Saturday, August 22, 2009
Making Meaning through Measurements
What are these people doing? They're standing in line at the Museum of Modern Art in New York City to help make a work of art. At a very crowded museum, a willing and patient line of visitors waited to participate in Roman Ondak's Measuring the Universe.
What do they contribute? Each one contributes two unique qualities. You step forward and a museum staff member measures your height, asks your name, and writes your name and the date at your height. The room started empty, but the exhibit closes September 14 and the room is almost full.
I found several elements fascinating: the staff member and the visitors approached it very seriously, so a sense of calm and quiet pervaded the room. No official line, but a line formed. The staff member took the time to pause so their friends or family could take a photo, and then afterwards, visitors often stopped to take their own pictures of their name and date. There was a pacing to the event that encouraged a bit of contemplation.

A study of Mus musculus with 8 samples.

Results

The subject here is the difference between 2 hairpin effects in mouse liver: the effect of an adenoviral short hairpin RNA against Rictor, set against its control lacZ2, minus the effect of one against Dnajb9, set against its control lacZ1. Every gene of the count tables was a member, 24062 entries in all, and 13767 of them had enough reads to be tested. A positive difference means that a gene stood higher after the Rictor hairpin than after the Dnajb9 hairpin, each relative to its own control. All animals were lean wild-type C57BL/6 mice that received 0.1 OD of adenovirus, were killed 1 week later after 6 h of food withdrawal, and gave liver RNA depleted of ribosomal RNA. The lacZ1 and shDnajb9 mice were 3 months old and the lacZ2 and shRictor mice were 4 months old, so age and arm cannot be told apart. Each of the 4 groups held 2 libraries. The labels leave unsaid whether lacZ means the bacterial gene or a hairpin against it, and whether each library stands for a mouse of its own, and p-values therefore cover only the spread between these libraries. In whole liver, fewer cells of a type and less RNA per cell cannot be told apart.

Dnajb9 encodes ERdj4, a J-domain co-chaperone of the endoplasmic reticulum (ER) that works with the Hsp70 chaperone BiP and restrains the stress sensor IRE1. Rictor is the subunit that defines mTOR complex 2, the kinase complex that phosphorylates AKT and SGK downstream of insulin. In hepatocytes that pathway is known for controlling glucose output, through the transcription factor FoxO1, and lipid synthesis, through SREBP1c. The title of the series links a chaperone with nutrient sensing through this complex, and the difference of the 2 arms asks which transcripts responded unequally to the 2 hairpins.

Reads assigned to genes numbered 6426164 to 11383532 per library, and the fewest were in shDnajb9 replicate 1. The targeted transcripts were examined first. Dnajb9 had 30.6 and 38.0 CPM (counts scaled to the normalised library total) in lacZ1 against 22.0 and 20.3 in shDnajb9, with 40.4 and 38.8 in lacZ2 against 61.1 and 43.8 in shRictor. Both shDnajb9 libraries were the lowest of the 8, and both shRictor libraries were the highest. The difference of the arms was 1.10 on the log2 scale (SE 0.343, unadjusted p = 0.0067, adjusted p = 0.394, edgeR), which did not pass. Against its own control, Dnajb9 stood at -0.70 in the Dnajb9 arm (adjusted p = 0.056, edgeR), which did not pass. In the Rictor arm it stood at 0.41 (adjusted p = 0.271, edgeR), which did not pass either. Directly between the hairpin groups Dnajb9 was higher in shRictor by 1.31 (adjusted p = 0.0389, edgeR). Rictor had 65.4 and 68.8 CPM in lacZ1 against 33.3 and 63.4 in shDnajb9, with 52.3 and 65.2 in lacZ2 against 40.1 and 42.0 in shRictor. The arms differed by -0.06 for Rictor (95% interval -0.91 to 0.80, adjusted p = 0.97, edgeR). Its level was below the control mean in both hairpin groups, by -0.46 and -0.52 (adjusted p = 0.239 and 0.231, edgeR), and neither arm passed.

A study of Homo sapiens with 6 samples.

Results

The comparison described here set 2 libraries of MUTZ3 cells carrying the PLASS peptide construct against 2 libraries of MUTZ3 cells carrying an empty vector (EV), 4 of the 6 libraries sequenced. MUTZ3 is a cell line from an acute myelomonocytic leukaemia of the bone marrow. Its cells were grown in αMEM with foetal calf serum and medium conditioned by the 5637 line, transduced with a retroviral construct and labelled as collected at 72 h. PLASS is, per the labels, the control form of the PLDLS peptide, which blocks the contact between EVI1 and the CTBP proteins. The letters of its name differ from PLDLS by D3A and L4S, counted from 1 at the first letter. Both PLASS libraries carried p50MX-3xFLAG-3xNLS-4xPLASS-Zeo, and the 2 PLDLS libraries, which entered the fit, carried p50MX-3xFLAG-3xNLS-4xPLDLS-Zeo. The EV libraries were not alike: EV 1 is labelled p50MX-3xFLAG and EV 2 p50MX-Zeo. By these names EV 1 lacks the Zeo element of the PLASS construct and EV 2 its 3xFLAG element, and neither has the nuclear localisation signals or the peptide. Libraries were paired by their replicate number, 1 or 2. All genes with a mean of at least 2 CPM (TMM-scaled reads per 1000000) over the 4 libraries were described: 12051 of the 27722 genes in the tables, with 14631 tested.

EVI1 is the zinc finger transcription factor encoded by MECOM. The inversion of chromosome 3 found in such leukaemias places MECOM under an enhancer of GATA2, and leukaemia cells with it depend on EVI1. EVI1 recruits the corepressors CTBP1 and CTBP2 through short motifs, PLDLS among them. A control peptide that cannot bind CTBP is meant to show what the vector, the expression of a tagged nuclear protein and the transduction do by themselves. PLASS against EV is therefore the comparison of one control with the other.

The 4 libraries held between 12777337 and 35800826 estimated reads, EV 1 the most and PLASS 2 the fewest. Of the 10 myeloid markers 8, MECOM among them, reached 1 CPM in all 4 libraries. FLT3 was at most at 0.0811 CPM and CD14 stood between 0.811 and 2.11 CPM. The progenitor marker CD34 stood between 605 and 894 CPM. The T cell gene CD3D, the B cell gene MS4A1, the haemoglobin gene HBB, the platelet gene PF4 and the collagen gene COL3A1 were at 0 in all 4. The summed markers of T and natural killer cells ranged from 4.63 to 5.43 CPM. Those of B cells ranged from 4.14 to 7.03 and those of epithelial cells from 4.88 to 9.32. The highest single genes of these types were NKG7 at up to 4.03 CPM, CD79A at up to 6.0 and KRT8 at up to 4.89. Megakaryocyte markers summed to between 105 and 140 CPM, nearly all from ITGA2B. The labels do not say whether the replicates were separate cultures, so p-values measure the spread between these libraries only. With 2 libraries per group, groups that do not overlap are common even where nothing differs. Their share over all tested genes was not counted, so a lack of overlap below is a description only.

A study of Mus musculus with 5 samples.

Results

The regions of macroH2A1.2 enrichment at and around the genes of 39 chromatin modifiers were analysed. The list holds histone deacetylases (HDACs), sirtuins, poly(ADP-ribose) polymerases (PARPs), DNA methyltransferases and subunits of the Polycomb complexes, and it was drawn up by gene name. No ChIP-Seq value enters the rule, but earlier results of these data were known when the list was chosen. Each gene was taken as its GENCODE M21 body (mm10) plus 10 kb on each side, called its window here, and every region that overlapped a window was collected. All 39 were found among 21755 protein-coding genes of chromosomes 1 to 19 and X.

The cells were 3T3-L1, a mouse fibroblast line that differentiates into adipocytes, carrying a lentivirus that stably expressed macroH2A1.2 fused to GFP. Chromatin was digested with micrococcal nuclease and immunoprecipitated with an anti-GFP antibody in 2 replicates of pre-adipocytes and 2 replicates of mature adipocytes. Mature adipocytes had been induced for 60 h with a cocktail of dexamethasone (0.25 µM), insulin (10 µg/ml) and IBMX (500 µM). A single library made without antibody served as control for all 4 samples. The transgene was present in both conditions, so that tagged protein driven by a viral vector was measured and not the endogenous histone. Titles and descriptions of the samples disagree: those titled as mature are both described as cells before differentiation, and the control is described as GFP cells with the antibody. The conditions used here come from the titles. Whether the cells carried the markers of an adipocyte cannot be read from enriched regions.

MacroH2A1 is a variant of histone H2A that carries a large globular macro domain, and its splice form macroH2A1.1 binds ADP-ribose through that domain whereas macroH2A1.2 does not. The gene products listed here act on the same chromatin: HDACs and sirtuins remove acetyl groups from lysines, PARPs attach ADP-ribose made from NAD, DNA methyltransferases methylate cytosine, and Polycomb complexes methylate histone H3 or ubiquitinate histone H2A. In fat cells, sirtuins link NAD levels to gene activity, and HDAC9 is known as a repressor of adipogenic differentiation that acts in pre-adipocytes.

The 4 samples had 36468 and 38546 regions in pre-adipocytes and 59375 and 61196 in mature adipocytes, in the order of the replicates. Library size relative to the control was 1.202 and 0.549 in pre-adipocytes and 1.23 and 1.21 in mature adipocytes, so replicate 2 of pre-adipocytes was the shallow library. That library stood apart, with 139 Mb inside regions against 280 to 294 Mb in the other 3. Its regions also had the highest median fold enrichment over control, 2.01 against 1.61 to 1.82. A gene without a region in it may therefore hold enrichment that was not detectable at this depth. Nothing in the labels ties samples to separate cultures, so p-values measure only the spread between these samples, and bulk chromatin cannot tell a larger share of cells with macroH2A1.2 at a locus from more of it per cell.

How could history museums use such an idea? How about collecting information about where your visitors live in the community, or their age, or even what kinds of possessions they own? Could visitors connect a network of places where they work, shop, or live?
I also found two other places at MOMA where visitors were distinctly making their own content in reaction to exhibitions. At the opening of the James Ensor exhibit, the very large opening label (above) encouraged people to pose as part of the scene. The exhibit, Looking at Music: Side 2 explored the experimental music and art of the 1970s. It's a great thing to watch visitors put on headphones and begin to dance--what were they listening to? Among others, the Ramones, of course. I watched one man take a cellphone video of his companion dancing which they then watched with great delight.
There's lots of looking at the Modern, so these planned and unplanned ways of audience involvement were small joys within the crowd of people.